Exclusive Q&A With Albert Ramos-Vinolas


Following in the great history of the Spanish armada, 22-year-old Albert Ramos-Vinolas has continued his quick and productive rise towards the world’s top 100.

Improving his ranking 22 spots from the beginning of the season, Ramos-Vinolas currently stands at No. 145 in the world. Defeating the likes of Fernando Gonzalez, Victor Hanescu, Nicolas Lapentti, and Michael Russell this year, the Spanish left-hander has his sights set on becoming a consistent member of the ATP World Tour’s 250, 500, and 1000 point series events.

In the following interview, I had a chance to ask Ramos-Vinolas what his victory over former top-tenner Gonzalez meant to his career, how he benefits on Tour from being a left-hander, and which Grand Slam he would most like to win.

 

1. What type of confidence did you take away from defeating Fernando Gonzalez in Barcelona?

Well, the truth is [that] it was really important for me—especially playing at home—with all the public behind me, my family. It made me understand that I am not that far away from the top players. Now I know I can beat them, and this week I upset another great clay player, Victor Hanescu. I don’t know for example I would have beaten him (Hanescu) without the experience made in Barcelona.

 

2. What main factor would you say has contributed to your jump of over 300 spots on the ATP World Tour rankings since the start of 2009? Would you attribute your success to more physical or mental improvement?

I guess it is a combination of it all; I did improve a lot physically. I have worked really hard for a longer period of time and I think this is also why I feel a lot stronger and more confident in myself.

 

3. What extra advantages would you say go along with being a left-hander on Tour? Apart from the spins, and the angles off of your serve, is it safe to say that being a left-hander on Tour allows for greater success?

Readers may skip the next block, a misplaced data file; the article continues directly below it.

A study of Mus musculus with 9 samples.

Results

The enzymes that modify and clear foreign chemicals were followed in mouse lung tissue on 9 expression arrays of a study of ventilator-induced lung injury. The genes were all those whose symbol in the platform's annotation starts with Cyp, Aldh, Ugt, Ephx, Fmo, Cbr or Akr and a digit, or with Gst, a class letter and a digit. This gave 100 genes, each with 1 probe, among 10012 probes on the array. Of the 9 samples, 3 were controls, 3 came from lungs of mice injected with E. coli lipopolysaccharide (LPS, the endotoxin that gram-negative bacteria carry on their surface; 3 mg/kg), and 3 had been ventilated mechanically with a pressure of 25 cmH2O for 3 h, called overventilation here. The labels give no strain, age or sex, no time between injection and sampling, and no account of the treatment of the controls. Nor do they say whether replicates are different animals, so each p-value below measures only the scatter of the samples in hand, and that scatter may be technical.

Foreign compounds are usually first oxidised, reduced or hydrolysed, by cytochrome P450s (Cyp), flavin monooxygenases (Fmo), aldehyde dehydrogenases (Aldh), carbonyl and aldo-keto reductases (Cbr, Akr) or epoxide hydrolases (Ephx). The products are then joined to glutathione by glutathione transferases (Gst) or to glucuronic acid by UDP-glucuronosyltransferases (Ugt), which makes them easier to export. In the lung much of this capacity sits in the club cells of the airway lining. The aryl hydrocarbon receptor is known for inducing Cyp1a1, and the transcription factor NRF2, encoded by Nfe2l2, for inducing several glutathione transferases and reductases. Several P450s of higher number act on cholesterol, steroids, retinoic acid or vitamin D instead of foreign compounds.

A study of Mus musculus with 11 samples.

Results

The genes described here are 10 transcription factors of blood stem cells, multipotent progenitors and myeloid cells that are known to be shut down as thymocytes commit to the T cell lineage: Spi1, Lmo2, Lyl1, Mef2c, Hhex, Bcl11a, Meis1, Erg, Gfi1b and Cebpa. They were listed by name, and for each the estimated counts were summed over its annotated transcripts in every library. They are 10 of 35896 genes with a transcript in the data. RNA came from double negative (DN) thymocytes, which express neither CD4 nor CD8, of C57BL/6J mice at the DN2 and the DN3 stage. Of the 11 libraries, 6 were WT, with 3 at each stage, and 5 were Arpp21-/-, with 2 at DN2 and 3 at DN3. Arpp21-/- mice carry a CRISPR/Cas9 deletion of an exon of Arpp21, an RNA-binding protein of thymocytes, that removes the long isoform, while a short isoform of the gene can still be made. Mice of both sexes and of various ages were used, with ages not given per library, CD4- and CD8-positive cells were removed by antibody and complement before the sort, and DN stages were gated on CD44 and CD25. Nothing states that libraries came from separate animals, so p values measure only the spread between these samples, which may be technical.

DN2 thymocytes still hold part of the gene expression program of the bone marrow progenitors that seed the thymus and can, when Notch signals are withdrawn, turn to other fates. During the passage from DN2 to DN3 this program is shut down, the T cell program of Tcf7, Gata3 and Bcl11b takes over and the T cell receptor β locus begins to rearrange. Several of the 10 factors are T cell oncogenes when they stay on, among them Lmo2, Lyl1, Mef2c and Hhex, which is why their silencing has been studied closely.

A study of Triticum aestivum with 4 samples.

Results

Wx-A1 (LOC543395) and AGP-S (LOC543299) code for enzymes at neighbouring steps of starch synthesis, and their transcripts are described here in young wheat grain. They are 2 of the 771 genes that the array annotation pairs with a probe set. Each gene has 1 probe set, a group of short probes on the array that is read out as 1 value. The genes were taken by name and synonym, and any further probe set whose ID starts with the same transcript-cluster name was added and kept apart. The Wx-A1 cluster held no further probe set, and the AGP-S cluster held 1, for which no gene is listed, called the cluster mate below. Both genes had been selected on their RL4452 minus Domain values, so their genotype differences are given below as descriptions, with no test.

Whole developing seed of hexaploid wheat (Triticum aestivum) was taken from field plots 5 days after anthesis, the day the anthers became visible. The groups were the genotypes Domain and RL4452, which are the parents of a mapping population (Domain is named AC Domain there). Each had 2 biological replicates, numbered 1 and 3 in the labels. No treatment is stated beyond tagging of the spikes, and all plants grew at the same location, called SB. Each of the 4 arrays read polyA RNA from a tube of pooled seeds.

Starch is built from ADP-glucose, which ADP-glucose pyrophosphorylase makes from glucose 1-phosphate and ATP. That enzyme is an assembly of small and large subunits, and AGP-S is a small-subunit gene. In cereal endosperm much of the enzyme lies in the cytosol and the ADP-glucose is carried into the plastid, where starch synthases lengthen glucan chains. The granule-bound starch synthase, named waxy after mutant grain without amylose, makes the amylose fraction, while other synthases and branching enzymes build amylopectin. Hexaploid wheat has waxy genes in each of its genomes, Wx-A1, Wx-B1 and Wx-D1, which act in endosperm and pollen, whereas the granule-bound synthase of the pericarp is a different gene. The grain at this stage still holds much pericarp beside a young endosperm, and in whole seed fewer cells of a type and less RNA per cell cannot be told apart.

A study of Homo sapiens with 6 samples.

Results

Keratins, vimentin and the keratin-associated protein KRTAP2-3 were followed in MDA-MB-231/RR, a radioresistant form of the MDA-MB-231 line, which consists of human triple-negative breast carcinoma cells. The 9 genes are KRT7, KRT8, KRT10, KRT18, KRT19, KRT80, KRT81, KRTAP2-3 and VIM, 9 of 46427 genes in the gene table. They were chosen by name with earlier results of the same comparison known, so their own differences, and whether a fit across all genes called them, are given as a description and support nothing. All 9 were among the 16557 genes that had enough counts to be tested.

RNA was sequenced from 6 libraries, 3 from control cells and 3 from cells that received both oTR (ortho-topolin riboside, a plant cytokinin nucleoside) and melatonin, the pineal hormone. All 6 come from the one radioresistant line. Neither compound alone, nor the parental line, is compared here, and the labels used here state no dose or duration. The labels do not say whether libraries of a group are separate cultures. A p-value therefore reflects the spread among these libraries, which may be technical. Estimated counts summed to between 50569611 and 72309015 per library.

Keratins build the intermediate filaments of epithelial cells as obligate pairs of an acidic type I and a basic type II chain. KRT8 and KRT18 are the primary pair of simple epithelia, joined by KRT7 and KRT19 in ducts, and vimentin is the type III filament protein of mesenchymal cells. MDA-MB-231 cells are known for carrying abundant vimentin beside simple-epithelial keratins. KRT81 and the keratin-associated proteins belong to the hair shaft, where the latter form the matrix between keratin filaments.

Yes, I think being a left-hander helps a lot—players are not used to playing against us—I also don’t like to play against left-handers. Of course you don’t win matches because of being left-handed; you have to take advantage from being a left-hander, [and] develop your weapons and get your opponents into trouble.

 

4. What are your immediate and long term goals on Tour?

Mostly I want improve all the things in my game. [I'm] working hard day by day [and] focusing only on my next match, without thinking of any concrete goals. I want to keep learning, [and] that will make me a better player, [and] the ranking will improve without me noticing.

 

5. What part of your game would you like to improve the most by year’s end?

I would like to improve my offensive game, my net game, and my serve. This is my next step.

 

6. Do you readily train with Spanish players, or do you like the experience of training with different types of players from different
countries?

I think that this is one of the things I haven’t been doing well. I have been practicing almost exclusively with Spanish players, and that doesn’t help me develop all the aspects of my game. I need to practice with different kind of players, playing all sorts of styles, coming from different countries.

 

7. If you could win any title on the circuit, which one would it be and why?

It would be the US Open. I like New York a lot, [and] it would give me immense satisfaction to win a title there.

 

8. What players did you look up to while you were developing as a junior?

I am lucky because I grew up in a club that formed many great professionals (the tennis Club Mataro). Players that played there included: Tomas Carbonell, David De Miguel, Jurdi Burillo, Julian Alonso, and Juan Ignacio Carrasco. Having them in my club while growing up as a small child made me wish to play this sport. They were a great example for me.

 

9. What type of changes, if any, would you like to see the ATP World Tour make?

Well, principally I would change the distribution of the money among the players, I believe that inferior (Challenger) players should be able to play at least without losing money.

If you want to travel with a coach, you need to be top 150 in the world, otherwise you will lose money, in a professional sport with so much exposure I think it is crazy.

Everyone knows that the money is generated by the top 20 players; they are the ones filling the stadiums. But you must not forget that they are important people only because of the great amount of players that play this game around the world.